If you follow technology news, you’ve probably heard Google is planning to release Google Glass, a head-mounted computer and camera, to the public in 2014. As a Google Explorer, I’ve been testing the first generation of Glass before it hits the market. The Glass Explorer Program is for people who want to get involved and help shape future technology. When I wrote to Google about what I would do “if I had Glass,” I explained I wanted to see how this revolutionary technology could make an impact on healthcare and potentially help physicians by seamlessly integrating into their clinical workflow.
As I’ve used Glass over the past few months, I’ve been most interested in exploring how it can enable more fluid communication between physicians and patients. If a physician can call up information such as lab results or medical records without having to turn away from a patient to look at a computer screen, does that optimize their interaction and personalize the patient’s experience?
I’ve also been following how my fellow Explorers are testing Glass for healthcare applications. Last August, an orthopedic surgeon at Ohio State University Wexner Medical Center wore Google Glass as he performed ACL surgery, while across town one of his colleagues watched from his office and several students on campus watched on their laptops. Glass broadcast exactly what the surgeon was seeing, creating huge potential for training as medical students can watch an entire procedure from the surgeon’s point of view. In the future, surgeons might use voice commands to call up reference materials or lab results on the Glass display as needed. As the display technology in Glass matures, perhaps they could even pull up X-rays and other images for comparison. Surgery may be an ideal specialty to be the first adopter of this technology, and companies such as Pristine are accelerating this adoption.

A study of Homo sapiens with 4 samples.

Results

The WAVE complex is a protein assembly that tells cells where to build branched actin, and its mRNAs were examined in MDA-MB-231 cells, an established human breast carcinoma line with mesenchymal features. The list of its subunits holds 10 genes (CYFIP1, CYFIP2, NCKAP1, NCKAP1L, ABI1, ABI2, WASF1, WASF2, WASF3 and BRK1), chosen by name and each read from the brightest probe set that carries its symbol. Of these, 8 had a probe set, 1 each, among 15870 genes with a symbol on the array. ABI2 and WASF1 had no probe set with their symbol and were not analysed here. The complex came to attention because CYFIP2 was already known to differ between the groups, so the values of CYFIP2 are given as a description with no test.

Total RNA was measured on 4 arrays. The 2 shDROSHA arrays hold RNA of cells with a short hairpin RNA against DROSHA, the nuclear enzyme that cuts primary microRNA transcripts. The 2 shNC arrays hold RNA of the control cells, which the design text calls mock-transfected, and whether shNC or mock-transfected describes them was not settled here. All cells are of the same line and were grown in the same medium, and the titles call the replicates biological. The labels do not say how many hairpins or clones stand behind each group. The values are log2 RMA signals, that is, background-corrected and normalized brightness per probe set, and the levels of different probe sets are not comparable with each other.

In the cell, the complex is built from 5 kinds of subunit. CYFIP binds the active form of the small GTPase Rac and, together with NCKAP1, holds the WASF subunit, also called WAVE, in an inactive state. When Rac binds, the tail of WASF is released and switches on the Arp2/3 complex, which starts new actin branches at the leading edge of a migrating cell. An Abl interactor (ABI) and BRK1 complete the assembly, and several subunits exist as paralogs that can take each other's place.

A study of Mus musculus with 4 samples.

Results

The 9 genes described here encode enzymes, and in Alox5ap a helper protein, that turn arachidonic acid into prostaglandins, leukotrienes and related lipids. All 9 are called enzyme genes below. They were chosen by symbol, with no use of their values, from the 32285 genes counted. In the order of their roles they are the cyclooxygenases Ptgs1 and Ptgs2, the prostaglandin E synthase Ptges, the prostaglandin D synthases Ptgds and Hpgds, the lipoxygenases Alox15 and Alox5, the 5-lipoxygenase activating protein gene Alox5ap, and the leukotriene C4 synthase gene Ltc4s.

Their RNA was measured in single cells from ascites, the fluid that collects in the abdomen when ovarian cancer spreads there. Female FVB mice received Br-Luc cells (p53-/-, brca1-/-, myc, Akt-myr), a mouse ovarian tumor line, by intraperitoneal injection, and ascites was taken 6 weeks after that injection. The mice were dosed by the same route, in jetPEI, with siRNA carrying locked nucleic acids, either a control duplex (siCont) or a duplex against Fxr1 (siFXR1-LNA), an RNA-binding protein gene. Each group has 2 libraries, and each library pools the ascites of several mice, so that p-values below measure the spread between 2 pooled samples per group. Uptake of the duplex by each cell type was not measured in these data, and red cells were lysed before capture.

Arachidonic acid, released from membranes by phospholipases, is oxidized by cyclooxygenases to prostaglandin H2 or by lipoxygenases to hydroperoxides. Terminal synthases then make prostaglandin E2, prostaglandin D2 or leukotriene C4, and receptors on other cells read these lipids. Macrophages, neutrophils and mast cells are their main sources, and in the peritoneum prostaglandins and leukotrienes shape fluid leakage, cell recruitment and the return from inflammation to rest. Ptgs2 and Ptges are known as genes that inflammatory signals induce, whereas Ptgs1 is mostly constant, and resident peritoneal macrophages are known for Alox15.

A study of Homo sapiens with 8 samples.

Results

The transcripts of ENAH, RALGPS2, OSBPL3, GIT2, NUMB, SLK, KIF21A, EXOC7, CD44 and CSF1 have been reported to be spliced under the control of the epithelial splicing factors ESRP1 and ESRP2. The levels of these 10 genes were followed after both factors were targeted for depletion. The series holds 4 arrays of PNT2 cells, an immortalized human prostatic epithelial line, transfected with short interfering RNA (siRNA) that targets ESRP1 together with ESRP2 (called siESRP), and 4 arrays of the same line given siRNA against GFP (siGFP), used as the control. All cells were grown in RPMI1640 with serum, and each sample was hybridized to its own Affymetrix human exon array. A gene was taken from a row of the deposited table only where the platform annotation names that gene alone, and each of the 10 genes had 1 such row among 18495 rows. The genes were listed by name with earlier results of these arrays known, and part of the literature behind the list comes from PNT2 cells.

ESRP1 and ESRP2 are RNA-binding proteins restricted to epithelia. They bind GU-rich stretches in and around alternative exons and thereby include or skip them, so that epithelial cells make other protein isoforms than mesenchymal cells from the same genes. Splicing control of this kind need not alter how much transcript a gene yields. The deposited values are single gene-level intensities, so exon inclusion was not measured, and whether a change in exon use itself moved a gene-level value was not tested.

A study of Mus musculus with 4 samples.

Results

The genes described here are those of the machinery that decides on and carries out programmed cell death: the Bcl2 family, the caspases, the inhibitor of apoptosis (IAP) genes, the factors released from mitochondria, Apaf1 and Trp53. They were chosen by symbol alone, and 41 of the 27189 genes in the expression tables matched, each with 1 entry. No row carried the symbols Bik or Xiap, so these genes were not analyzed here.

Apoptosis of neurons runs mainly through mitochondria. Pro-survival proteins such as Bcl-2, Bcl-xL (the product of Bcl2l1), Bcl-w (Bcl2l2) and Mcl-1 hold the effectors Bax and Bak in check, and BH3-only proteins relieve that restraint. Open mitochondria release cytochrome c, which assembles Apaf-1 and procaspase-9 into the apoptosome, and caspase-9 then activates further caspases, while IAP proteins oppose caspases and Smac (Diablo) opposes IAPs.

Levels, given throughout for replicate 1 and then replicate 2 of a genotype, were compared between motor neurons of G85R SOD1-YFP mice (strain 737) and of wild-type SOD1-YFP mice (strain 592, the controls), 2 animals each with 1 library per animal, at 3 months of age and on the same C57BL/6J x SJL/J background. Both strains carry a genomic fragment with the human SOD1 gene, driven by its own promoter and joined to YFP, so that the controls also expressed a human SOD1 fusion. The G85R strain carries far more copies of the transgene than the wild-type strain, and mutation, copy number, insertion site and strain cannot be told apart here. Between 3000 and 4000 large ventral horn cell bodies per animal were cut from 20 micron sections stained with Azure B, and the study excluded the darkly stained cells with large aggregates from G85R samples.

For hospital nurses, Glass could allow them to continue walking and going about their business while receiving critical messages. Of course, as with many new technologies, Glass raises issues about privacy and security. Some people are concerned that they don’t know if I’m taking a picture while wearing Glass, or even recording a conversation. In a regular, real-world situation that could be an issue, but within the healthcare setting patients are likely to feel comfortable if they know and trust their doctors. In fact, as more people start to embrace technology, they feel good about their physicians having the latest products because they feel that means they are getting the best care.
Glass has many applications outside of healthcare. If you’re walking down the street, you can call up a map on Glass to find your way. You can videoconference easily with colleagues or friends, sharing with them what you see. I occasionally take photos while shopping, then send a message to my wife or daughter asking if this is the product they want. They can see exactly what I’m seeing, and I don’t have to pull out a camera or phone to point, shoot or text.
At the end of the day, technology is a means to an end. At this point, Glass is definitely revolutionary, but can it help physicians and nurses provide better care? Maybe with better software and the power of Google’s intelligence behind it, Glass may help create a higher level of engagement between caregiver and patient. As I get ready to trade up to the second generation of Glass, with a better processor and the ability to accommodate prescription glasses, I’d like to hear your thoughts. Will Google Glass have an impact on your healthcare organization and the way your staff interacts with patients?